Back on March 8th, I mentioned that I'm a fan of great documentary films and promised to write about some of my favorites. Sorry for the delay. It's just that it takes me a while to accept that, no, I'm not going to do them justice. Here's my first installment.
One title that has to be on a short list of the greatest documentaries ever is The Thin Blue Line (1988). Written and directed by the great Errol Morris, it sets the standard for all subsequent hard-hitting docs.
Morris himself sized it up like this: "There are many films which tell the story of a murder investigation. The Thin Blue Line may be unique in that the film itself does not tell the story of a murder investigation; it is, in itself, a murder investigation."
Most stories of murder and mystery can grab your attention. What sets TTBL apart from almost all of them is that, throughout this film, you deeply feel.
You feel the heat of a Texas summer.
You feel the dread of being an outsider . . . wrongly accused . . . of murdering a police officer . . . in a state that executes people who do that.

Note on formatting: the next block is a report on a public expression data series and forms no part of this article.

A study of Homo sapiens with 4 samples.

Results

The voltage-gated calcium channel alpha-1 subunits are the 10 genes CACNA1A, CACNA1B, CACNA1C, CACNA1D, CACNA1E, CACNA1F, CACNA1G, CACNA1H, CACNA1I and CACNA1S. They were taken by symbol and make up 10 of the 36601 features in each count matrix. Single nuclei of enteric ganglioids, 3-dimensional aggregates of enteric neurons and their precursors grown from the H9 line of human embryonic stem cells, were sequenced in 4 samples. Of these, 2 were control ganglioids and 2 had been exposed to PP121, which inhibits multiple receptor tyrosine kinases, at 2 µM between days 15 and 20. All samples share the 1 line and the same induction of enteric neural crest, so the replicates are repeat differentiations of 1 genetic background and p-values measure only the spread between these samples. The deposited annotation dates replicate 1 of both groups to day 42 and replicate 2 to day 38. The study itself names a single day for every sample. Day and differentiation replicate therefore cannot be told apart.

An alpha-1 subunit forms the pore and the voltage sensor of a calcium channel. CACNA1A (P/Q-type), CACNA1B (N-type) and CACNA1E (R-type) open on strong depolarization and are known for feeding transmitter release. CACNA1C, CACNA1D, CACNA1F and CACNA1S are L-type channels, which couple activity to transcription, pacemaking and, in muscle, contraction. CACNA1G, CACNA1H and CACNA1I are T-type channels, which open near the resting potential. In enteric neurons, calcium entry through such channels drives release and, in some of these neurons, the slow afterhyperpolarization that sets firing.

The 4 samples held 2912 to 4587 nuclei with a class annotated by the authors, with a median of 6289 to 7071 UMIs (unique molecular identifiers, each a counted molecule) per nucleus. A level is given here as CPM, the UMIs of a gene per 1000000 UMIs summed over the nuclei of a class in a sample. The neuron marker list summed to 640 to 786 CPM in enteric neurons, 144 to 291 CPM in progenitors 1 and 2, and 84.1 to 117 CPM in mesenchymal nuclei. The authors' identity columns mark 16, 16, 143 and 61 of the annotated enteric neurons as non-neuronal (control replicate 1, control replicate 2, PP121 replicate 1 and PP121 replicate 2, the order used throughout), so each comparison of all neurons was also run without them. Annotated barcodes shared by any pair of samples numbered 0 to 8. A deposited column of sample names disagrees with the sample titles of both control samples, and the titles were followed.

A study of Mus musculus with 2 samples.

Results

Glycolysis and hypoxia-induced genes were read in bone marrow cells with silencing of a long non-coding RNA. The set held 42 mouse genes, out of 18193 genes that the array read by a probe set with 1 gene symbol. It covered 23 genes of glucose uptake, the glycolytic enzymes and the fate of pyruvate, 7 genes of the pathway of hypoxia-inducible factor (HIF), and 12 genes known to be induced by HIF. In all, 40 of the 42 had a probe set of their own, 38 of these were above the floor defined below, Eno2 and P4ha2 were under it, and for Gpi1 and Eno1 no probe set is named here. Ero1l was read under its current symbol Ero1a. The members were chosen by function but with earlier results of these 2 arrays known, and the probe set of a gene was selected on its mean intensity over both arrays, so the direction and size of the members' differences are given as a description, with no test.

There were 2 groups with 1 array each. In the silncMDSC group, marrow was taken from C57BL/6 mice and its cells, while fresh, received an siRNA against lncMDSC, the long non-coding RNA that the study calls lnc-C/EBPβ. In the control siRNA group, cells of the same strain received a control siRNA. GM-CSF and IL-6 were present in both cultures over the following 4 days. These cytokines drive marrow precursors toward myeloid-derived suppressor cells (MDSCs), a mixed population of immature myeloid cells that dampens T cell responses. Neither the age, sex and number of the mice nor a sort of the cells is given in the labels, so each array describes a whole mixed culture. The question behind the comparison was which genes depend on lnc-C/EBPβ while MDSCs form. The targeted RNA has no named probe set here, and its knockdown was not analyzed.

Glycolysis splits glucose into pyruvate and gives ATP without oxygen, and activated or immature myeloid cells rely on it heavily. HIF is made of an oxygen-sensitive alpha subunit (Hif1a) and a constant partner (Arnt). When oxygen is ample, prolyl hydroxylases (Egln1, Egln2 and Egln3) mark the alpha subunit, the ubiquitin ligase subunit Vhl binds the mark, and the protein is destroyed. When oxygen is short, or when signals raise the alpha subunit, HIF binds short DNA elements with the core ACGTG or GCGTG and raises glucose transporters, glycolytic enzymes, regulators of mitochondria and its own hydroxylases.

You feel the seething anger against the guile and incompetance that makes a mere hapless drifter look like a cop killer.
But do you ever feel the intense relief of an accusation and conviction overturned? Ah, that's why you've got to see this one.
What makes this film so riveting? At least a couple of things:
First, the hard work of Errol Morris. Evidently, Morris is the kind of guy who knows the types of stories that interest him, finds them, and then painstakingly documents them on film. He reportedly put in 2 and 1/2 years tracking down the various people in this film and convincing them to talk on camera. Here's a guy who cares about his craft.
Second, a fantastic original score--almost invariably described with the word "haunting"-- by contemporary composer Philip Glass. It's powerful stuff.
So go out and rent The Thin Blue Line. I think you'll like it.